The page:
San Diego

Organizations Building Bi-National Identity for Cross-Border Tourism

Local, state, and international tourism organizations are encouraging more travelers to try a “2 Nation Vacation” along the southern border, and have been working together to develop a bi-national identity for the cross-border travel industry.

Their problem -- and local Senator Ben Hueso agrees – is the political rhetoric coming from the Oval Office that they say is dividing the U.S. and Mexico.

“What leaders say is very important,” said Senator Hueso, Chairman of Select Committee on California-Mexico Cooperation, who is leading the informational hearing on cross-border tourism in National City at the MLK Center. “It influences people’s actions, and we have seen this since this President took office. Hate crimes increased in our county, so we need to counter that message. We need to send a message of hope, of understanding, a message of tolerance. Nobody wants violence in our communities. This has been happening now since this president has been in office. This is now the third year of just this constant, hateful rhetoric that does our nation no good. It doesn’t build confidence in our future, it doesn’t bring people together. We need to find ways to understand each other.”

At the hearing, representatives of San Diego Tourism, Visit California, the California Travel Association, San Diego County Economic Development Center, Cross Border Xpress, the State of Baja, Mexico, and many others addressed the issue.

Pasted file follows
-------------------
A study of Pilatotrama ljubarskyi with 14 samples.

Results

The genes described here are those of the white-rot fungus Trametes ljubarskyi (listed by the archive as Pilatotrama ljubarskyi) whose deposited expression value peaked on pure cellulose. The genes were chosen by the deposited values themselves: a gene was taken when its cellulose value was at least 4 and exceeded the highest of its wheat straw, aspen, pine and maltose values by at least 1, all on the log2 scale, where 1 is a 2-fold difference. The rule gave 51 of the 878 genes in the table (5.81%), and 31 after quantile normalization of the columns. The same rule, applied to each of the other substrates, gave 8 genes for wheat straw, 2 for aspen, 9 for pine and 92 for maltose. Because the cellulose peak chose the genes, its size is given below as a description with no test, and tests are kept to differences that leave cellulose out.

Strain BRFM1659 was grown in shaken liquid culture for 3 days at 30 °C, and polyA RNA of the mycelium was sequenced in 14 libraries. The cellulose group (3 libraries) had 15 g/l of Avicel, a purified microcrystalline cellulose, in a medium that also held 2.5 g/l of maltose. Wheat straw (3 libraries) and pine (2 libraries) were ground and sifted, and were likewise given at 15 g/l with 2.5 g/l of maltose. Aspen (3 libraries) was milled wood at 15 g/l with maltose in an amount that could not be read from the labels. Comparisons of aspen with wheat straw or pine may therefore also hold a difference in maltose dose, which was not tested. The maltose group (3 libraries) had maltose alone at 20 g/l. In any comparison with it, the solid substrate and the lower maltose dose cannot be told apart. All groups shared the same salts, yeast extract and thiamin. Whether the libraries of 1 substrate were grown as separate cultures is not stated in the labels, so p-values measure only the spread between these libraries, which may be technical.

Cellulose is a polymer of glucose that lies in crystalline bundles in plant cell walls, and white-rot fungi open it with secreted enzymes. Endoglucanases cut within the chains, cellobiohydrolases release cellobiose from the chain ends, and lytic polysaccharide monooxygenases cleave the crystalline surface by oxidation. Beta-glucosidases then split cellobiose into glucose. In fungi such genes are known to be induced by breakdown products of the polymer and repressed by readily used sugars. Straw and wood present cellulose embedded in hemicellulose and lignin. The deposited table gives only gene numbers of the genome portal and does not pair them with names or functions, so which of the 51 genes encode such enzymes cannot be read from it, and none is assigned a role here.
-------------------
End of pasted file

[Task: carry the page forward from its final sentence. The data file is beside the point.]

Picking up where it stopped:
Reports from Visit California showed the state has seen record-breaking growth in tourism over the last nine years. The state showed it had a $140 billion in tourism dollars in 2018, a 5-percent increase from the previous year. Baja California’s Secretary of Tourism Oscar Escobedo said Baja saw 27 million visitors in 2018, and 82 percent of them were from California. He said their efforts to increase bi-national vacations is working. People are crossing the border to experience Baja California’s experiences.

They’re working together across the border to create vacation experiences in Southern California and Mexico have more plans ahead, including a pitch from the President and CEO Cindy Gompper Graves with South County Economic Development Center. She asked local senators and the public to think about adding a water taxi with a port behind the San Diego Convention Center that would taxi people between the Convention Center, the Chula Vista Bayfront and Baja California.

Last week Visit California announced it launched a new California Welcome Center at the Cross Border Xpress that provides a concierge for travellers from Mexico to California.

“It’s possible to have two regions that prosper together,” Senator Hueso said.

California Travel Association also said it surveyed its members in July, asking what were the issues that concerned them about tourism growth and how high would you rank them on a scale of one to five, five being the most problematic.

Here are the results:

  • National travel polices: 4.35 out of 5.
  • California’s image to the rest of the country 4.62 out of 5.
  • California’s image to the rest of the world: 4.76 out of 5.

They said those three problems were ranked higher than their normal “hot-button” issues, like homelessness and sustainability, which ranked a 4.03 and 4.16 respectively.

“It speaks to the awareness of the state’s travel and tourism industry that we must be proactive in encouraging visitors to come to our destinations,” said Barbara Newton, President and CEO of California Travel Association.

One person in the public comment portion did express her concerns for safety with cross border travel. Senator Hueso recognized her concerns but had to wrap up their meeting.